As Facebook gets larger, the amount of spin-off apps grow, too. Released Thursday, Facebook Camera is the social network's third iPhone app. Facebook Camera borrows heavily from Instagram, despite the fact that it was created before the now infamous $1 billion acquisition.
So, how does it stack up?
Overall, the app is not too heavy. It's only 4.9MB and it's very minimal. Once you give the Facebook Camera app access to your camera roll, it'll populate the top row with thumbnails of your snaps. Click on any of those thumbnails and it'll open up all your pics. Here you'll be able to select as many photos as you like to crop, apply one of 14 filters (Instagram-style) to and then batch upload to Facebook. That's right: all at once.
The second half of the app is split into a "Friends" and "Me" tab. We're sure you can guess what each of those do. "Friends" will show photos shared to Facebook from all of your buddies and "Me" will display all of your uploads.
The app is mostly responsive, snappy and very easy on the eye. I say "mostly," because sometimes the app will just buffer for a bit too long while loading thumbnails. Some of the subtle animations even have that slight bounce that you find on an app like Path. That's a good thing.
Of course, this being version 1.0 of the app, there are still some issues. For starters, I found uploading photos to be a bit slow over 3G, even failing to complete a few batch uploads. Interestingly, it doesn't just fail entirely. The app is smart enough to remember at what point it failed, so if you were uploading a batch of four photos, and it failed at after uploading two, it'll just continue to upload photo three and four. I didn't find any duplicate pics after this process.
Uploading to a specific album is something we're hoping will make it into Facebook Camera in a future update. For now, photos just post directly to your wall.
I do like that you can tag friends in photos, "Like" photos and even add a comment, but why can't I add individual captions to each photo when batch uploading? The app only lets you write one description for the entire set of selected photos to upload. Of course, you can upload each pic with a caption separately, but that defeats the entire purpose of batch processing.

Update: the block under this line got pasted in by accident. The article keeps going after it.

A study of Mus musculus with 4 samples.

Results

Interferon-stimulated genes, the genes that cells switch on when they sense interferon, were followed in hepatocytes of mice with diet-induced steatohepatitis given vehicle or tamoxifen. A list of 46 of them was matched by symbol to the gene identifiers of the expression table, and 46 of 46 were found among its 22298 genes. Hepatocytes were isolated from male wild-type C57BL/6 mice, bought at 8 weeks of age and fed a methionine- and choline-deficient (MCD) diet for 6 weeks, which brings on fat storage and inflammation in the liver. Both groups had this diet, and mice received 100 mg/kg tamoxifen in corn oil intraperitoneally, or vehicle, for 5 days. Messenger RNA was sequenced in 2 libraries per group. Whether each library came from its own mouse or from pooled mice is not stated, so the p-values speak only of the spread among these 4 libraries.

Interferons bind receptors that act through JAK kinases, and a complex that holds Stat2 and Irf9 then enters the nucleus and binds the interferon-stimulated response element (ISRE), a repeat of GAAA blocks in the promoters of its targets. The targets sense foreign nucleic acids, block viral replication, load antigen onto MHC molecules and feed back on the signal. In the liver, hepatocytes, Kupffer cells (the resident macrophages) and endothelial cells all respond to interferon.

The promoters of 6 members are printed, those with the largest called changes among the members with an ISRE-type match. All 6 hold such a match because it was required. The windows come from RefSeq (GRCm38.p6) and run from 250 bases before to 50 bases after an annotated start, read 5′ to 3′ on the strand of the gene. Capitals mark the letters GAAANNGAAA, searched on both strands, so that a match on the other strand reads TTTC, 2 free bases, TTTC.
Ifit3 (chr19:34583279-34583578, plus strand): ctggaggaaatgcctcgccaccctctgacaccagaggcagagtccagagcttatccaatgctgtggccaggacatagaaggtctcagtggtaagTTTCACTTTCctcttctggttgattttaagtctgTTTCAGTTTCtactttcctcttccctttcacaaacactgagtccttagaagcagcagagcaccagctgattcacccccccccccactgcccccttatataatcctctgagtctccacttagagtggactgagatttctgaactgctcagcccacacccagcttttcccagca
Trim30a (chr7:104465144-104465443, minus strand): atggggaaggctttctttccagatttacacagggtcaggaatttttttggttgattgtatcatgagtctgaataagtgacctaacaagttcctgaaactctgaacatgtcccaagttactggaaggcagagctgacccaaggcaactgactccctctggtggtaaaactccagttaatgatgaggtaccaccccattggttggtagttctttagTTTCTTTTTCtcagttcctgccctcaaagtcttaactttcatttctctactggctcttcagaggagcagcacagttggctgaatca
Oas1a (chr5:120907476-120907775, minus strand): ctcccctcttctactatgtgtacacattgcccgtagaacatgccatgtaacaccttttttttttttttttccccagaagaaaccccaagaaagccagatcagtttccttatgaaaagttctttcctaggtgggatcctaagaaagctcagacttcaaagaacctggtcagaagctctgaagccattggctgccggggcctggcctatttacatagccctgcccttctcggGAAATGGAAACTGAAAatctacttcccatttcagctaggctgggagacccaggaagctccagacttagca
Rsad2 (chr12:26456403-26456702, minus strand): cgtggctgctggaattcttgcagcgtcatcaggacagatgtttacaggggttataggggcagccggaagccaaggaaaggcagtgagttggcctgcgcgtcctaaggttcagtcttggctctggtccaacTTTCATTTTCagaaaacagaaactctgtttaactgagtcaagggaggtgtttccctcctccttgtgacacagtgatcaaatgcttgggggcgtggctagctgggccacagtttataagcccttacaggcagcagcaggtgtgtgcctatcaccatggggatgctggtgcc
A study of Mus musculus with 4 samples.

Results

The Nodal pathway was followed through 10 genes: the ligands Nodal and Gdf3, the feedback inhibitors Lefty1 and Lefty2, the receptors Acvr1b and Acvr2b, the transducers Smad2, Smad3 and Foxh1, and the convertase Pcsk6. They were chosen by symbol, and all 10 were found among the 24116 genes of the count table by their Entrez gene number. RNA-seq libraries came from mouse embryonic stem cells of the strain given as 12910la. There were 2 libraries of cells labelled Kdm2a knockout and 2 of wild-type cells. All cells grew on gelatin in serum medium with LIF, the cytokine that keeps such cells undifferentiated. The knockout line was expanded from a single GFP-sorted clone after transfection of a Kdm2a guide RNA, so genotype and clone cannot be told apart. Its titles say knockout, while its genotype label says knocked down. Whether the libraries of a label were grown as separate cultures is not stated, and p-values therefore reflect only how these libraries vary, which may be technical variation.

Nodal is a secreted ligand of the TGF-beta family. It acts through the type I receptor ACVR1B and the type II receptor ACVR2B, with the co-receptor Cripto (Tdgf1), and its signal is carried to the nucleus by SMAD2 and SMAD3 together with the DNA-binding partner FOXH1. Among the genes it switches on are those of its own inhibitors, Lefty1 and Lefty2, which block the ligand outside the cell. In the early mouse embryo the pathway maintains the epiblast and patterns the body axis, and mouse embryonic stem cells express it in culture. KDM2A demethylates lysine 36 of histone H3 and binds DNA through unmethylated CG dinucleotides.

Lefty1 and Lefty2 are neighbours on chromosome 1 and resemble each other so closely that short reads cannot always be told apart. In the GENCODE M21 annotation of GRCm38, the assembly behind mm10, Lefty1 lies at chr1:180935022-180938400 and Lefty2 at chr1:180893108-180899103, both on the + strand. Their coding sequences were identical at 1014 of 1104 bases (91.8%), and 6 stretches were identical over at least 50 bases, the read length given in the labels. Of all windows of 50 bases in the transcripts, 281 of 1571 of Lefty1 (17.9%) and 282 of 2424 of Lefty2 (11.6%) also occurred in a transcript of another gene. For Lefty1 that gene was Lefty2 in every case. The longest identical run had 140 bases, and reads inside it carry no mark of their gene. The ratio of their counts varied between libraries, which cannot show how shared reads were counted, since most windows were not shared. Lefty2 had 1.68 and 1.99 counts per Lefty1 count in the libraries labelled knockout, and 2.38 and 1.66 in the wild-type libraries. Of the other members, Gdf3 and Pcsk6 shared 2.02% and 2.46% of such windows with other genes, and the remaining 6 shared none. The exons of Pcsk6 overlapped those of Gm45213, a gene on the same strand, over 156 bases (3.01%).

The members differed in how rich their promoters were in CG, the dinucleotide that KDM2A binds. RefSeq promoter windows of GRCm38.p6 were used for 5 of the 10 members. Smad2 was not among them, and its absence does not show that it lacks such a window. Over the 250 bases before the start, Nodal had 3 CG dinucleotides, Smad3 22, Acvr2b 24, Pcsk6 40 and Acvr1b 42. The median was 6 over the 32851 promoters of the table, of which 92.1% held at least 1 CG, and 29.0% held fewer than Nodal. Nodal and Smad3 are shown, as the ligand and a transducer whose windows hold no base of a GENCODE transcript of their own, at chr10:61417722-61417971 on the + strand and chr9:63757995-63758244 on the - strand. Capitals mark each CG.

According to AllThingsD, Facebook Photos product manager Dirk Stoop said "Instagram CEO Kevin Systrom and his team had nothing to do with building Facebook Camera."
Still, you can't say that Facebook wasn't at least somewhat influenced by Instagram during development.
You might read on the Internet (I won't say where) that the Facebook Camera app will kill Instagram. That, or Facebook will completely absorb Instagram's technologies and eventually rebadge it as Facebook Camera. Those are possibilities, but for now, let's give Mark Zuckerberg's statement on the acquisition the benefit of the doubt:
"...we're committed to building and growing Instagram independently. Millions of people around the world love the Instagram app and the brand associated with it, and our goal is to help spread this app and brand to even more people."
I can definitely see the Facebook Camera app becoming the default camera for many iPhone users, because let's face it, after we take pictures, we usually end up sharing them to Facebook anyway. So why not just cut the bouncing between multiple apps and go direct? That's what Facebook Camera is.
The 14 generically named effects (Cool, Contrast, Bright, Rouge, Highlight, etc.) don't have quite the punch that Instagram's filters do, but they're good enough to give your snaps a lo-fi/vintage look.
Facebook Camera is a solid foundation, and one that we imagine can only get better as it incorporates lessons learned by the team of mobile photo app veterans at Instagram.